This Question - Getting loads of Open error 5's when using Terminal to repair permissions - raises the question,

Does mounting a drive in Target Disk Mode bypass SMART, preventing any lockout if the disk is failing & you need to recover data?

In the past, I have always put suspected failing drives [often Windows NTFS drives] in a USB enclosure & attached to my Mac to scavenge/repair, as that way I am ignoring both SMART & any OS intervention from Windows etc.

For a Mac, would Target Disk Mode be just the same as an external USB for similar tasks, or could SMART potentially restrict operations?

Edit: Google would seem to think that SMART reporting cannot be carried over USB or Firewire, but that doesn't exclude the possibility of Thunderbolt. I cannot find any canonical answer even to the first two, though.


S.M.A.R.T is a monitoring system for HDD and SSD implemented in the firmware of a drive using two different standards: ATA and SCSI.

SMART data is usually written to a special service part of the platter/flash storage unit.

All modern interface standards and the underlying protocols (SCSI, FireWire, USB – with USB-(S)ATA-Bridges, eSATA, Thunderbolt, SAS) are basically capable of transmitting SMART-data.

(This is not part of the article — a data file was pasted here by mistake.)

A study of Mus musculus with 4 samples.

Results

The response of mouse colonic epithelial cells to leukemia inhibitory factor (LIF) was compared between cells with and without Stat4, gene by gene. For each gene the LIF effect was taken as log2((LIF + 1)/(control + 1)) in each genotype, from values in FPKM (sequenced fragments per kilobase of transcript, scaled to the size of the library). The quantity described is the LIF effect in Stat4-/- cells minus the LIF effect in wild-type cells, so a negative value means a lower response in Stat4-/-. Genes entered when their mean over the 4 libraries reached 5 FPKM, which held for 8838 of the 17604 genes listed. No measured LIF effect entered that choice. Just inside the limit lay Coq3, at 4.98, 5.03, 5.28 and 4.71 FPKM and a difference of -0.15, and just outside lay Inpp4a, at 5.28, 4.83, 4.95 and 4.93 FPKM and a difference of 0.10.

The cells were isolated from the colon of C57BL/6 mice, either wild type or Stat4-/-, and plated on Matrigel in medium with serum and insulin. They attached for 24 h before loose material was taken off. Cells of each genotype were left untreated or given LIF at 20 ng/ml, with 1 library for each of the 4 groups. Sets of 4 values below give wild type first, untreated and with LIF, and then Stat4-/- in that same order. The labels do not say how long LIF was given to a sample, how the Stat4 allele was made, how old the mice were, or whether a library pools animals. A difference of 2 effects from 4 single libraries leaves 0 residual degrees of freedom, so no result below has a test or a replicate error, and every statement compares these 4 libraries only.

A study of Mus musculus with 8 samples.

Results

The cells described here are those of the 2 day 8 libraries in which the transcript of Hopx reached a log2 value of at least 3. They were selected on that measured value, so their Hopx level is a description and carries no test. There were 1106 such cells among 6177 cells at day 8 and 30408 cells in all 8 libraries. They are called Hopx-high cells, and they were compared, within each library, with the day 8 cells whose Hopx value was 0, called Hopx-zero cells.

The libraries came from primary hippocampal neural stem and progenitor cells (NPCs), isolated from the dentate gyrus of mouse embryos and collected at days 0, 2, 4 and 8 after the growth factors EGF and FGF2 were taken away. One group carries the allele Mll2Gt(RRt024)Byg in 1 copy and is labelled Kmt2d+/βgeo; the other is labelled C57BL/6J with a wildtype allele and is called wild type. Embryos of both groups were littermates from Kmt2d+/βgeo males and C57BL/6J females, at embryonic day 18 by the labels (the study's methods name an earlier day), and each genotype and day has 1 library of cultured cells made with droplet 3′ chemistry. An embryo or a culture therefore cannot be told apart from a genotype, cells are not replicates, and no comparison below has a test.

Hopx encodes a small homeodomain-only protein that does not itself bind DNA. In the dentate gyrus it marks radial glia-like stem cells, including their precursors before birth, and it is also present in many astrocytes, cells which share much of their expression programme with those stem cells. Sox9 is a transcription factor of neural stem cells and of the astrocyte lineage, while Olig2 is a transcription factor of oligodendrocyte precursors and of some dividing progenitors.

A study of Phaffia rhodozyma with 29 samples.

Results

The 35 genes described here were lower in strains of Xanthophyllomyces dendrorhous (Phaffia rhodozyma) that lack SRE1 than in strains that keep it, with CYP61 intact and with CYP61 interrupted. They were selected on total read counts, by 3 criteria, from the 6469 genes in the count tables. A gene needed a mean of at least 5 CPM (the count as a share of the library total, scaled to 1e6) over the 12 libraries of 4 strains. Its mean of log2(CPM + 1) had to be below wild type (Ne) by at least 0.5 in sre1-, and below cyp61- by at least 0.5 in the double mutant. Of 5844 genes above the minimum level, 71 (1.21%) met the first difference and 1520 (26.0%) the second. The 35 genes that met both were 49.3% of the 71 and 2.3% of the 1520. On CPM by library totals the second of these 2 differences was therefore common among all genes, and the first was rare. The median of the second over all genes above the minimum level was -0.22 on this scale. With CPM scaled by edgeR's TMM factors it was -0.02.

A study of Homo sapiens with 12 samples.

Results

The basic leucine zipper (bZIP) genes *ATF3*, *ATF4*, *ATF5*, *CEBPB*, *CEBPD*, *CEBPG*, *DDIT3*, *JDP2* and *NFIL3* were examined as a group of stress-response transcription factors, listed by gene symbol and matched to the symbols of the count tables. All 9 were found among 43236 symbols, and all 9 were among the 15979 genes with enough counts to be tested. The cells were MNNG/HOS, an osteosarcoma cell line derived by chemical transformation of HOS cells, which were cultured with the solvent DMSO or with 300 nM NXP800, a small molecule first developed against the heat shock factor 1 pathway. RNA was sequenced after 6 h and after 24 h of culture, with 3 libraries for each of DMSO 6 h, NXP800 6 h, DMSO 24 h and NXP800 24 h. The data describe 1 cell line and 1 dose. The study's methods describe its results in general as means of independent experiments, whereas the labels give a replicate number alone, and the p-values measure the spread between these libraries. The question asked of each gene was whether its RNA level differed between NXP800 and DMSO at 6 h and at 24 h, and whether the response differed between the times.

SMART data is not actively transmitted to hosts, but has to be queried by the host-OS, applications or drivers.

Depending on the OS, the SMART application, the drivers and the build-in hardware the success of those queries may vary broadly. BTW to retrieve SMART data from external USB/FireWire-drives attached to Macs use this kext driver (compatibility list).

As a result Target Disk Mode doesn't 'bypass' SMART at all, because SMART is implemented in the hard disk. It's hard to say in general if operating systems (or application and drivers) are locking out failing disks based on SMART data.

I doubt that at all because

  • SMART isn't very reliable
  • the implemented attributes varies between manufacturers and hard drive models
  • the meanings and interpretations of the attributes and their values varies between manufacturers

At least i don't know of any such OS or application.

It's rather the OS in conjunction with the firmware and the (failing) hard disk itself which 'lockout' a device.